Where are my keys? by John Haine, u-blox
Look on Kickstarter any day you like and I’ll guarantee you find several projects raising money for “Internet of Everything” (IoE) gadgets, usually inspired by everyday concerns – where did I leave my keys? Did I lock the back door? How’s my widowed mum doing? For want of anything better, they all assume that some short-range wireless network is making the connections, at least in the home – but is that enough? What if I left my keys at the pub? What if my home broadband isn’t working? My mum doesn’t even have a computer let alone broadband! If ever we are to have 50 billion devices in the Internet of Everything, don’t we need a better wireless technology to connect them?
It’s time for radio standards to get interesting again, to connect up the Internet of Everything
Recent CW news discussed moves by operators and vendors towards a new radio standard to connect up the IoE. This may seem a dry and theological debate, but I think it’s vital to the industry. We are all used to the idea that phones are just mobile, and those old fashioned ones with wires just a last resort when our battery runs out or we’re in another not-spot. When we think of wireless networks we think of the mobile phone networks that we all use for apps, web browsing on the move, and sometimes even to chat! But today’s networks aren’t really up to the gadget challenge – not surprisingly since they were never designed for the job. And the way that standards are going with LTE, they are getting better and better at giving us mobile broadband but less and less suitable for connecting “things”.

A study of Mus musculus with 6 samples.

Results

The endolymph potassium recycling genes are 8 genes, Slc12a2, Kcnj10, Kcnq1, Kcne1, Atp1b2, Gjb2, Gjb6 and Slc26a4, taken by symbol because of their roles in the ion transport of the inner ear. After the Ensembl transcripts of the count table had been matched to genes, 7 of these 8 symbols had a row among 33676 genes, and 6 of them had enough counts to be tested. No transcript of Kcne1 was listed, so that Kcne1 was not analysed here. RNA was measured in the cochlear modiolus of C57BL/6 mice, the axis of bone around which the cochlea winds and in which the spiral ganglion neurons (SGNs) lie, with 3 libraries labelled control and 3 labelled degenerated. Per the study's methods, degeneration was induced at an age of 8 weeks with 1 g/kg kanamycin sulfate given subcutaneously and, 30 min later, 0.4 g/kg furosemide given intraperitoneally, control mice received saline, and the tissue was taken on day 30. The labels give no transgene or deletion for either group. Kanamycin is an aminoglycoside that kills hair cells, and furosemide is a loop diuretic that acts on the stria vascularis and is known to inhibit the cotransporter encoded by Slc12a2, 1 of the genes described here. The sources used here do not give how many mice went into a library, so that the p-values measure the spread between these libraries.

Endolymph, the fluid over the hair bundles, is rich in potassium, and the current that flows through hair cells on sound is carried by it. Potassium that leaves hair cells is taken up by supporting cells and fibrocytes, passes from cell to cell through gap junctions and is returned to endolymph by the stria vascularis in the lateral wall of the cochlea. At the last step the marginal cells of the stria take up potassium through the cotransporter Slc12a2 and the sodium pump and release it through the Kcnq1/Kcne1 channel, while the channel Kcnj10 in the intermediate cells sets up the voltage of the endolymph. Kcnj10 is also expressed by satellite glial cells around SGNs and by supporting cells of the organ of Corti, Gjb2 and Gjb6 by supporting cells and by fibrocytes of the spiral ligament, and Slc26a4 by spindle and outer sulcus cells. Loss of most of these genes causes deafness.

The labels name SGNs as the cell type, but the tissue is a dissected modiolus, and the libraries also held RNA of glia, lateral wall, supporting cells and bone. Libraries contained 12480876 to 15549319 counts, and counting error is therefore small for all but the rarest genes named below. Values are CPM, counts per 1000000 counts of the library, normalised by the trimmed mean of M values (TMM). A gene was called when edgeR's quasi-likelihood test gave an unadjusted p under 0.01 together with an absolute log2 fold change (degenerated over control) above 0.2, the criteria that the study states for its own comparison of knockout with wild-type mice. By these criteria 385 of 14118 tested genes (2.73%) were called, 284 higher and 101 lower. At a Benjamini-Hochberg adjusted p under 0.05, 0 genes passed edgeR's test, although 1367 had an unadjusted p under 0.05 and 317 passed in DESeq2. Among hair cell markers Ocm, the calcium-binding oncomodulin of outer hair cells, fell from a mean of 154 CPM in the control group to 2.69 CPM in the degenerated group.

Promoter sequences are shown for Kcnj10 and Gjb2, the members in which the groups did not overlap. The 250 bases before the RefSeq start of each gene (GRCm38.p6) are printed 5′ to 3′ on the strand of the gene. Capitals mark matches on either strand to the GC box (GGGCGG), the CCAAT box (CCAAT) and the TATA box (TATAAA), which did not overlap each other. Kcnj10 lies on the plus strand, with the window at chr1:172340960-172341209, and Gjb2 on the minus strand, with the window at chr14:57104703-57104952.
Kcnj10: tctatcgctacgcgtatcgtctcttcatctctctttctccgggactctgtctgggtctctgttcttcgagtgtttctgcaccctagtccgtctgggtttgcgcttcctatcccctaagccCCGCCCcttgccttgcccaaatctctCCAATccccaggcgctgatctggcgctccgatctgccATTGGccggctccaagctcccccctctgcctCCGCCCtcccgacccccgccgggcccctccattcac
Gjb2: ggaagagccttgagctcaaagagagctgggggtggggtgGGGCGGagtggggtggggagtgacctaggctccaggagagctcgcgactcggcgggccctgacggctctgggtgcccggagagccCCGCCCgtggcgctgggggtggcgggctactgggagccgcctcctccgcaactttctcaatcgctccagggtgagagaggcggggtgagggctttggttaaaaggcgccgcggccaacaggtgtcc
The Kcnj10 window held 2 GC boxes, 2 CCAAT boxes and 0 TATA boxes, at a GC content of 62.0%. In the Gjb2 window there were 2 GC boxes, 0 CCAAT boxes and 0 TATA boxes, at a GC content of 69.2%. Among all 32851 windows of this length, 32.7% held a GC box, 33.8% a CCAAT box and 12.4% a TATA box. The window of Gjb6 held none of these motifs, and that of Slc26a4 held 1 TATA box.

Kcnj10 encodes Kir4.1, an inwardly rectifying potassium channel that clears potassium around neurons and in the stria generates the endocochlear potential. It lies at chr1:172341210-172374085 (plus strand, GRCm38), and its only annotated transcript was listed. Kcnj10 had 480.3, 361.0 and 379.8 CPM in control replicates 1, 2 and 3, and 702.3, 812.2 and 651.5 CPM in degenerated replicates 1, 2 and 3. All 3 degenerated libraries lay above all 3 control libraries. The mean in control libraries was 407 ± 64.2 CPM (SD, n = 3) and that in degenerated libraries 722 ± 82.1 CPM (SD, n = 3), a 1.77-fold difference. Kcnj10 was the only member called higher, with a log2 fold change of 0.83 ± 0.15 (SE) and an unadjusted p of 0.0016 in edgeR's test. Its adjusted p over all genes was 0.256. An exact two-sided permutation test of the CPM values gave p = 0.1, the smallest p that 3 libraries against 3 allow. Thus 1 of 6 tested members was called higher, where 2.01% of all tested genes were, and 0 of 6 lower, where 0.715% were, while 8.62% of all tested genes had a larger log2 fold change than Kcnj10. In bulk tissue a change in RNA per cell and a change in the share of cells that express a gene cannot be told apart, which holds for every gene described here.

As Kickstarter demonstrates, great new ideas are driven by giving people the ability to play, create things and try them out. Much of the time they fail but every so often you’ll get an Oculus Rift that revolutionises the industry. The time has come for the wireless industry to liberate the gadgeteers with new and appropriate networks. They need to have all-pervasive coverage so the gadgets work anywhere; require only an cheap and simple radio that’s easy to build-in and fire up; be able to work for years on small batteries; and the service has to be inexpensive. Communications is just a utility, like roads, railways and drains. Utilities are generally best operated by big, reliable and boring companies operating standardised technology you can rely on. It’s time we gave the carriers the standards tools to build these networks – perhaps that dry news item signals the start of something big?
About The Author
John Haine has spent his career in the electronics and communications industry working for British Telecom, Marconi, PA Consulting, and with start-ups including Cognito and Ionica. His technical background includes R&D in radio circuitry and microwave circuit theory; and the design of novel radio systems for cordless telephony, mobile data, and fixed wireless access. He has led standardisation activities in both the latter areas in ETSI, and contributed to WiMax. In 1999 he joined TTP Communications working on research, technology strategy and M&A activities; and after the company’s acquisition by Motorola became a Director of Technology Strategy in Motorola Mobile Devices. After leaving Motorola he was CTO Enterprise Systems with ip.access Limited, the leading manufacturer of GSM picocells and 3G femtocells. In early 2010 he joined Cognovo Limited, which was acquired by u-blox AG in 2012. In u-blox John is defining RF platform strategy for future wireless modules and looking at emerging standards for M2M. John has a first degree from Birmingham and a doctorate from Leeds universities. For further information please visit: http://www.u-blox.com.